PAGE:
Most of the services and words of Holy Week are the ones I expect – I’ve heard them before and though something will leap out at me as though I had never heard it (this always happens), I still feel somewhat secure that I know what is coming.
In the Orthodox calendar, Holy Week begins on Lazarus Saturday, the day before Palm Sunday. The services bear some similarity, as is appropriate, to those of Christ’s resurrection. The raising of Lazarus is a foretaste, a promise of what is to come in Pascha, and a reminded that Pascha includes us all.
I have always been struck by the story of the raising of Lazarus, if only because in that story we are told, “Jesus wept.” There is a profound sense that he has sanctified grief by taking it on Himself. He wept as anyone would at the death of a friend, even though He knows that He is shortly to raise Him from the dead.
We ourselves lay our family and friends to rest believing that they, too, will be raised from the dead, and yet, like Christ, we weep.
I was caught off-guard last night at our service of the Presanctified Gifts. My thoughts of Lazarus Saturday were several days away, also intertwined with the fact that we are receiving 15 new members into the Church. But my mind was not on Lazarus. But the services of the Church are vigilant and remember what we would not yet contemplate. One of the verses sung by the choir said this:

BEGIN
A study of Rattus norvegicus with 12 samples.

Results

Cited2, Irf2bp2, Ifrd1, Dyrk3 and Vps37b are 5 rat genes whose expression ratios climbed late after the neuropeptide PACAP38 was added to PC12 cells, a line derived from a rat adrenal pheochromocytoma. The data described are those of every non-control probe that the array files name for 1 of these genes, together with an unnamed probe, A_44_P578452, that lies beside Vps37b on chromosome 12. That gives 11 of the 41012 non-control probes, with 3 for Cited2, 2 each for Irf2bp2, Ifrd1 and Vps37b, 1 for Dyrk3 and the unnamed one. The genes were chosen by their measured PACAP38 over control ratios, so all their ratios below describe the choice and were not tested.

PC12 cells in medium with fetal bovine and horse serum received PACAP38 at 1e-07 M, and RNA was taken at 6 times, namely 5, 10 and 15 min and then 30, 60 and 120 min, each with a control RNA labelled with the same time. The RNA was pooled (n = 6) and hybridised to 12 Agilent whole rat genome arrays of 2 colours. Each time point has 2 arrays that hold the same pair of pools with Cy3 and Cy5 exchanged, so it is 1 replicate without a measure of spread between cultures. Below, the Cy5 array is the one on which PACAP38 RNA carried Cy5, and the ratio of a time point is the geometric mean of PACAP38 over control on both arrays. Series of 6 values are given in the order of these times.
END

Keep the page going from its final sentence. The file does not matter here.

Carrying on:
Now Lazarus has been in the tomb two days, seeing the dead of all the ages, beholding strange sights of terror: countless multitudes bound by the chains of hell. His sisters weep bitterly as they gaze at his tomb, but Christ is coming to bring His friend to life, to implement in this one man His plan for all. Blessed art Thou, O Savior, have mercy on us!
It struck me that this is where we live most of our days. Not at Lazarus Saturday, at the General Resurrection of the dead, but two days out, while those we love seem lost to us and Christ seems no where to be found. But He is somewhere to be found, and He has a precise intention regarding his friend Lazarus. Christ does not close Himself off from the natural grief of human beings, but He does not grieve as one who has no hope. He is our hope and the assurance of our own resurrection and of those we love.
Two days in the tomb is a hard place to live. But as St. Paul reminds us in his First Letter to the Thessalonians, we should not “grieve as those who have no hope.” For we do have hope.
As St. Paul will say to the Hebrews: “We have this as a sure and steadfast anchor of the soul, a hope that enters into the inner shrine behind the curtain, where Jesus has gone as a forerunner on our behalf, having become a high priest for ever after the order of Melchizedek” (Hebrews 6:19-20). We may be waiting with Lazarus – two days out – but we have a great hope – the greatest of hopes. We have Jesus who will not leave us to grieve as those who have no hope.